Breastfeeding after abuse or sexual trauma

Psychiatrist SuEllen Hamkins, MD, shares advice for women who have been sexual abused or deal with trauma on how to feel more comfortable when breastfeeding
Advice For Breastfeeding After Sexual Abuse or Trauma


Psychiatrist SuEllen Hamkins, MD, shares advice for women who have been sexual abused or deal with trauma on how to feel more comfortable when breastfeeding


Psychiatrist & Author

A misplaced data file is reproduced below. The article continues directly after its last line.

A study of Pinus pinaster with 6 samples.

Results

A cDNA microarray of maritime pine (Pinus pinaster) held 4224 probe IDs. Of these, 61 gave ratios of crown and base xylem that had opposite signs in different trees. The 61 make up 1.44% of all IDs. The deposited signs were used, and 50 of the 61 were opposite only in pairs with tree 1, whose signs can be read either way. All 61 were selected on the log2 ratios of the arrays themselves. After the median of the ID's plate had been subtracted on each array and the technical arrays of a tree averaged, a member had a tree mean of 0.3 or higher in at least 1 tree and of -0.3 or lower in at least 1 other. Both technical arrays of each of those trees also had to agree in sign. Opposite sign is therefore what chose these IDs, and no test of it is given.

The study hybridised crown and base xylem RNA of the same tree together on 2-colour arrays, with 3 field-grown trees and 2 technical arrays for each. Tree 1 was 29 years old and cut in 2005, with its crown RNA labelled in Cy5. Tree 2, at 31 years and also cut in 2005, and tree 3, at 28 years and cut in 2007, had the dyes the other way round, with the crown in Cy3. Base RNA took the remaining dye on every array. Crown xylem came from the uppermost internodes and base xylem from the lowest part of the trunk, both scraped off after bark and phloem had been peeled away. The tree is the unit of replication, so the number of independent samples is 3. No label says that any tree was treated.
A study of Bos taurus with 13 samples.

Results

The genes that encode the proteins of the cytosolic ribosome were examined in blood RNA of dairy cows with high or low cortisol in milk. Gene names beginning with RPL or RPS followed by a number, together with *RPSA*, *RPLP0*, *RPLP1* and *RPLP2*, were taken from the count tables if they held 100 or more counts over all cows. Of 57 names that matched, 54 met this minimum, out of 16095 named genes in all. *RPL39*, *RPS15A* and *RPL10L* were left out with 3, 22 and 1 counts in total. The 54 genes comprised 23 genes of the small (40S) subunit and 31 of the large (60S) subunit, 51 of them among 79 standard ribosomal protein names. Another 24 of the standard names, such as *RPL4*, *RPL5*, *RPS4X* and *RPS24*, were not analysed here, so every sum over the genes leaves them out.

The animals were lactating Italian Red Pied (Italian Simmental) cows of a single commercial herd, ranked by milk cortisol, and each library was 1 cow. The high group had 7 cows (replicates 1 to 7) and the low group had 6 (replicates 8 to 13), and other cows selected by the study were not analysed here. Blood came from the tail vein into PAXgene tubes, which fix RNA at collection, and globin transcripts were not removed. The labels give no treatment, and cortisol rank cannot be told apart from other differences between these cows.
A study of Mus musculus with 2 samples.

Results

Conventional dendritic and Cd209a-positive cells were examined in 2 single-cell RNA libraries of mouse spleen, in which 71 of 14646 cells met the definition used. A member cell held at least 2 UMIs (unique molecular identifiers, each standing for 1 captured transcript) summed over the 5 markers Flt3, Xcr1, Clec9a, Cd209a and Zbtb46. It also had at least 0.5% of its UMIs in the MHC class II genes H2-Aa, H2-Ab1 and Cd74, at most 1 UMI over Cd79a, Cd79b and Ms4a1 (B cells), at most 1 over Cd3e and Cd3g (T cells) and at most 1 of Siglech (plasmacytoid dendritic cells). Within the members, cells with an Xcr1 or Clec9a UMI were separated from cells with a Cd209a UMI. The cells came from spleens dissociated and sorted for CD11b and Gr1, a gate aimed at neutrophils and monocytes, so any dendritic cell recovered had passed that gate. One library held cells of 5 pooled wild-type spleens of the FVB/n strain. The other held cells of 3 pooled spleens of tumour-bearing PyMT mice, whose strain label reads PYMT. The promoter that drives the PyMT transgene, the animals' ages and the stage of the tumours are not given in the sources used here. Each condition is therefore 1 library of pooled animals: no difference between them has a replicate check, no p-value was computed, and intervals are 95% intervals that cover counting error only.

SuEllen Hamkins, MD, is a psychiatrist, author and founding member of the Mother-Daughter Project, a community of women and girls that developed powerful, practical ways to help mothers and daughters stay connected and thrive through adolescence. Co-author of The Mother-Daughter Project: How Mothers and Daughters Can Band Together, Beat the Odds and Thrive Through Adolescence, Dr. Hamkins has given numerous presentations for parents and psychotherapists around the world, focusing on mothers, daughters, their relationships and the kinds of communities that nurture them.  As the psychiatrist for the Smith College Counseling Service from 1992-2004, SuEllen offered consultation to over a thousand women ages 16 to 23 to help them resist and overcome problems such as anorexia, bulimia, depression, anxiety, trauma, assault, and self-injury.  In addition to her work on behalf of mothers and daughters, as the Assistant Director for Psychiatry at the University of Massachusetts-Amherst, she has been instrumental in developing strengths-based, narrative approaches to psychotherapy and psychiatric practice, helping people cultivate their values and strengths in the face of serious difficulties.  SuEllen is the mother of two daughters, now 17 and 22, and raising them has been the most thrilling and rewarding work of her life. She lives with her husband and younger daughter in western Massachusetts, where they love to swim outdoors, cross country ski, shoe snow, dance, cook and lounge around in the living room, reading.